Failing to spend

Published On: January 14, 2020 08:15 AM NPT By: Republica  | @RepublicaNepal

When the government fails to speed up infrastructure development, it could mean three things. One, the government has not been able to manage fund for development, meaning there is little capital to spend. Two, the government has enough money to spend but it has no proper plans for the same. Three, the government has commitment for speeding up capital spending process but the procedural hurdles are way too many or our bureaucracy is too lethargic. But in either of three cases, it is the government or the people in the government who are responsible. Nepal’s story has been that, despite being a struggling economy, we somehow manage funds for development but we simply fail to spend. Here is the irony, the irony that is making the mockery of capacity of almost every government, of federal democratic Nepal that needs to be sorted out once and for all. 

Current administration, which until recently enjoyed absolute two thirds majority in the parliament, has been no different in this regard.  When KP Oli was sworn in as the prime minister on February 15, 2018, he quickly announced to adopt the agenda of economic prosperity by ushering in development activities.  Things will be different, we were told. But they remain the same if we look into the statistics of capital spending. In the first six months of the current fiscal year, the government has spent only 12.86 percent of the allocated capital expenditure, according to the report of Financial Comptroller General’s Office (FCGO). The figure is the lowest in the past three years. In 2017/18, the capital expenses stood at 14 percent, it was 16 percent during the review period of 2018/19. This is despite the assurance from finance minister Yubaraj Khatiwada that capital spending would be scaled up this fiscal. Besides, Prime Minister Oli himself had also reiterated that capital expenditure would improve this year. But as things stand, there has not been more than average two percent spending per month of the allocated budget this year.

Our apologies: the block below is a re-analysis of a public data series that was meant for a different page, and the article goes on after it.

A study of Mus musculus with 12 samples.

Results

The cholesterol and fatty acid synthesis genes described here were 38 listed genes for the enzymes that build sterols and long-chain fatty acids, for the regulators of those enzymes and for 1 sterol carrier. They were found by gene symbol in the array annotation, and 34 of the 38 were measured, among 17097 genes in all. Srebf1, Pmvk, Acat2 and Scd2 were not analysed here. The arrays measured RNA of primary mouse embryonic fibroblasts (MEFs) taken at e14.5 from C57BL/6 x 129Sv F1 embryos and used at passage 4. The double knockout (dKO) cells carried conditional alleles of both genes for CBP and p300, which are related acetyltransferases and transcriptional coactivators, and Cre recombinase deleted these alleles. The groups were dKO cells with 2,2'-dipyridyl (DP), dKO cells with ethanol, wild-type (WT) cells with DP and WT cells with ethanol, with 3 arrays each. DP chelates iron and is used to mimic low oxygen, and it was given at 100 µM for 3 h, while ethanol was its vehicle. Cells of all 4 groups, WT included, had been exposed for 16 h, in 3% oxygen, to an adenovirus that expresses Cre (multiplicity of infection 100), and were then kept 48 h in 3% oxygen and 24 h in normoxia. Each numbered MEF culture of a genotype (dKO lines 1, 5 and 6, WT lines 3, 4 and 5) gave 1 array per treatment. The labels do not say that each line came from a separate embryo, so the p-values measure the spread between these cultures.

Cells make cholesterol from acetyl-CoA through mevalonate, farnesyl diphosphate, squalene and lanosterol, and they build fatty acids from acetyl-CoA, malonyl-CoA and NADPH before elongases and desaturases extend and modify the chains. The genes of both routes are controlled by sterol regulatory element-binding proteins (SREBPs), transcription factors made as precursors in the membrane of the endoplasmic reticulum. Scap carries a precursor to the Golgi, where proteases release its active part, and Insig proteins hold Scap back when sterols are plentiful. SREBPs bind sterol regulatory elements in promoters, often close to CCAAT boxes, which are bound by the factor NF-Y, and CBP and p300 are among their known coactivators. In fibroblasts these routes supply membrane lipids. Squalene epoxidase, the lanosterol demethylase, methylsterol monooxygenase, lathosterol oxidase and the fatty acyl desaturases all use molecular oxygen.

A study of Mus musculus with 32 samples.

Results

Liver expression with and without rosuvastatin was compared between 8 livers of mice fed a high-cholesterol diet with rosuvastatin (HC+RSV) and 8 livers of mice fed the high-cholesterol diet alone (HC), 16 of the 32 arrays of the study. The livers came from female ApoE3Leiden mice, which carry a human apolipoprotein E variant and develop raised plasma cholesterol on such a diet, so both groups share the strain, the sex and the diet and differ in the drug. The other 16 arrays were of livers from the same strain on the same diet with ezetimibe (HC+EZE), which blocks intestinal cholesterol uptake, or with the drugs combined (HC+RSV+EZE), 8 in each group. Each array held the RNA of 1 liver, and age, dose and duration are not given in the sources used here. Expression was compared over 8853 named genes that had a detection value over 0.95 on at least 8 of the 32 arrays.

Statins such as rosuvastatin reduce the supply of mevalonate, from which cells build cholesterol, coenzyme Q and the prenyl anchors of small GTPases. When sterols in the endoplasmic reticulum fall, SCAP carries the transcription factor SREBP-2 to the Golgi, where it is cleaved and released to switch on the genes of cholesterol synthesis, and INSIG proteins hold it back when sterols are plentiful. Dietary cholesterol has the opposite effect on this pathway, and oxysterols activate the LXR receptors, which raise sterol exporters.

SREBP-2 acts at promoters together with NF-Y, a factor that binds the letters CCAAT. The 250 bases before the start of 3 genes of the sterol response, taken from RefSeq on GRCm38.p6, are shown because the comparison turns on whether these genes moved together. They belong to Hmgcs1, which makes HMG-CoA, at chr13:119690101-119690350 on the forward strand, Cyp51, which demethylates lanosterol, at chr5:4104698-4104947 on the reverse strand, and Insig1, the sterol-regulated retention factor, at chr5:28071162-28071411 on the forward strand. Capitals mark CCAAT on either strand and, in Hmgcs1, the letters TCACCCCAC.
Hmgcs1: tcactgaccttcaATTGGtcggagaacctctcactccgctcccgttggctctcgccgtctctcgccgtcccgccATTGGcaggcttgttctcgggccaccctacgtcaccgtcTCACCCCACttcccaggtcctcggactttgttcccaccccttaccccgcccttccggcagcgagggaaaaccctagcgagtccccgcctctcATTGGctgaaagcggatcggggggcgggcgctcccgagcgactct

The costs of dismal spending need not be emphasized. Dismal spending of development budget results in failure of completing vital infrastructure projects on time. It impedes development activities, hampers job creation, and affects people’s income. Besides, when the government authorities up the ante for spending the money at the end of fiscal year, as has been the norm in Nepal for the past several years, it results in poor quality of construction works and breeds corruption. Of the total 408 billion rupees allocated for infrastructure projects in the current fiscal year, the government so far has been able to spend only 52 billion rupees, which means the government will have to spend estimated one million rupees per day for the next six months to meet its target, which is extremely unlikely. All the same, the government needs to make most out of the next six months to raise its capital spending graph in a way that results in quality works on the ground.  One of the promises of this government, when it came to power two years ago, was to speed up development process. Many believed in this promise because this was a stable and strong administration Nepal has had in the last several decades. But in terms of capital spending it has not been much different from its predecessors.  It has to be. Next six months are crucial.